CCTV car snares hundreds of drivers in fight against parking danger at schools

The camera enforcement car is greeted by pupils at Broomhill Junior School, Hucknall, with Coun Steve Calvert, of Nottinghamshire County Council, and  enforcement manager Gareth Johnson in the drivers' seat. (PHOTO BY: Anne Shelley)
The camera enforcement car is greeted by pupils at Broomhill Junior School, Hucknall, with Coun Steve Calvert, of Nottinghamshire County Council, and enforcement manager Gareth Johnson in the drivers' seat. (PHOTO BY: Anne Shelley)

In its first ten months of operation, from March to December last year, the car’s surveillance work resulted in a total of 612 penalty-charge notices being issued to motorists, who were duly fined.

The startling figures were revealed when the camera enforcement vehicle made a special visit to Broomhill Junior School and Butler’s Hill Infant and Nursery School School in Hucknall this week.

The car was commissioned by Nottinghamshire County Council in response to a stream of complaints across the county about drivers, including parents dropping off or picking up their schoolchildren, parking recklessly outside school gates, blocking access, obscuring safety signs and creating dangerous congestion.

The council wanted to use the vehicle to help enforce ‘Keep Clear’ markings outside schools, and also at bus stops. A spokesman said: “Parents who park on such markings can seriously jeopardise road safety for children, and this is a significant source of complaints and requests for parking enforcement.”

During its ten months of operation, the CCTV car has patrolled all seven districts of the county on at least three occasions, and has received 100 requests from schools, including in Hucknall, to monitor parking problems at their sites.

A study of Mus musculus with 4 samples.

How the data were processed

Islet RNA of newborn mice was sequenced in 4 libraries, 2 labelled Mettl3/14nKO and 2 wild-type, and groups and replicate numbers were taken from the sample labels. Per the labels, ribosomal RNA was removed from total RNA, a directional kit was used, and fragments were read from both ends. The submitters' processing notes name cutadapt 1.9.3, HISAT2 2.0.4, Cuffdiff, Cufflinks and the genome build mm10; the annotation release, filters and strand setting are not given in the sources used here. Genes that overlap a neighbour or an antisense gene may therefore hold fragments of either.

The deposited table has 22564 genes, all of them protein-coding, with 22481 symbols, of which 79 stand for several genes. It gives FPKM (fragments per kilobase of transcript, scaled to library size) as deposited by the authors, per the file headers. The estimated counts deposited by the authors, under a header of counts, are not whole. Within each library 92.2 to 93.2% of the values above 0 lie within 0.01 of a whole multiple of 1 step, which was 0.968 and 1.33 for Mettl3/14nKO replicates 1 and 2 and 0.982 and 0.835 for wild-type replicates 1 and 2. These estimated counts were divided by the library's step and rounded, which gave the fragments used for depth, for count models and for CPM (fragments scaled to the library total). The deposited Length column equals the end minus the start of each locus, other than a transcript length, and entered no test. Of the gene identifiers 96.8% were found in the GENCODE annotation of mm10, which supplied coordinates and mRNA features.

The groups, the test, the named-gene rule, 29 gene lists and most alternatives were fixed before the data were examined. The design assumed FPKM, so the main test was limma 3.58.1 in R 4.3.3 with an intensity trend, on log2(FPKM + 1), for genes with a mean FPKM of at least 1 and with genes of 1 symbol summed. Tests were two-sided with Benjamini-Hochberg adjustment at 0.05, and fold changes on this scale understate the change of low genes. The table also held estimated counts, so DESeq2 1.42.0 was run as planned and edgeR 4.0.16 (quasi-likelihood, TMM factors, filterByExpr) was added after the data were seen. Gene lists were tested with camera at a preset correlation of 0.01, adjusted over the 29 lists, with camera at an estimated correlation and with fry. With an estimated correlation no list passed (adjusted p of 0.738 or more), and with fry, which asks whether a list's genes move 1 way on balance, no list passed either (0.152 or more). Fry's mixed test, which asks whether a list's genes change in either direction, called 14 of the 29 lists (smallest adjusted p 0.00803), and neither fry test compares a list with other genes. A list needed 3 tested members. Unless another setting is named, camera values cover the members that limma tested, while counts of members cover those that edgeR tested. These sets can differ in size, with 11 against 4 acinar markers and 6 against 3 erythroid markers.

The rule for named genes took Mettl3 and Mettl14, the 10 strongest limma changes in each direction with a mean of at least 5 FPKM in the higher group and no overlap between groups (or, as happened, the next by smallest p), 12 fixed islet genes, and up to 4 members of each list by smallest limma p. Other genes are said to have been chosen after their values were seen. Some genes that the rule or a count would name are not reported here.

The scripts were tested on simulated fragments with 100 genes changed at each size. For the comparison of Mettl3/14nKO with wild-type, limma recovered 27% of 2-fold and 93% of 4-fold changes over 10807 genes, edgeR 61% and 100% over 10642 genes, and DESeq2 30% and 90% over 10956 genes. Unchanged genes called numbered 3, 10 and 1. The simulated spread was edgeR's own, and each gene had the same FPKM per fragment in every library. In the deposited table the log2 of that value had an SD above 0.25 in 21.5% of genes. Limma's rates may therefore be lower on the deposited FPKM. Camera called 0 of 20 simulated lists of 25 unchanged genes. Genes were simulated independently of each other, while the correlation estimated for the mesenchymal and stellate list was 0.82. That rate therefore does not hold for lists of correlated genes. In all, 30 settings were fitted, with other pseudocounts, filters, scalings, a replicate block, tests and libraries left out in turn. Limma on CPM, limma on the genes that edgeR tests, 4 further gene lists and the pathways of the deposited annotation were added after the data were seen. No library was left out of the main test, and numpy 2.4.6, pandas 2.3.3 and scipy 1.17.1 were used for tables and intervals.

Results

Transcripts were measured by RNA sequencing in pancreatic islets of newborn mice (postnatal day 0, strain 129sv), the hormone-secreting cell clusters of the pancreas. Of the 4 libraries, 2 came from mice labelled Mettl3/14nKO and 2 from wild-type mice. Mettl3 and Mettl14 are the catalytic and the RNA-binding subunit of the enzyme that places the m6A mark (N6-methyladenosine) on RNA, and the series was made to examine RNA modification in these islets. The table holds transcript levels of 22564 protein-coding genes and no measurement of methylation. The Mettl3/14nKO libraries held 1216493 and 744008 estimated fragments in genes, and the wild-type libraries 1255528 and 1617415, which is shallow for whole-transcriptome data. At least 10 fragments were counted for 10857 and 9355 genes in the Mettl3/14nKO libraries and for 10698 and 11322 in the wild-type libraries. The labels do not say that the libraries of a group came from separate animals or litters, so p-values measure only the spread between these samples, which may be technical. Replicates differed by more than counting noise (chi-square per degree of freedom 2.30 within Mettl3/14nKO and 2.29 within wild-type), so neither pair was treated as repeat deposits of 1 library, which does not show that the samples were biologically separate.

Andrew Beckinsale-Yates, the head teacher of Broomhill Junior School on Broomhill Road, said: “Any initiative that helps to improve road safety for our school and local community is to be welcomed.

“We are a fast-growing school with 240 pupils and, with the infant school and children’s centre also on site, we can have 500 children, parents, carers and staff in the vicinity of Broomhill Road during school opening and closing times. So it can get very busy and present parking difficulties for people.”

Melinda Amos, head teacher at neighbouring Butler’s Hill Infants’, said: “We do everything we can to promote road safety, and it was great for some of the children to see this CCTV car when it visited this week and to learn more about it.”

The county council’s committee chairman for transport and highways, Coun Kevin Greaves, said: “This car is part of our commitment to road safety around schools in the county and it is helping to address the problems of dangerous parking.

“We are encouraged by the demand we have had from schools and parents, who have got in touch, asking for the car to visit. At some schools, we have also introduced 20mph speed zones.”

MOTORISTS who fall foul of Nottinghamshire County Council’s CCTV enforcement car outside schools and at bus stops can expect to be fined up to £70.

That’s the cost of the penalty-charge notice already issued to 612 drivers. The fine is reduced to £35 if paid within 14 days.

Of the 612 notices, 380 were for parking on school markings and obstructing visibility for other drivers, while 232 were for parking at bus stops, potentially blocking or preventing a bus from stopping there and causing congestion.

All money generated by the notices go towards paying for the CCTV car, its equipment, driver and software. The vehicle is currently operating at a slight loss, but the council hopes it will soon become self-funding.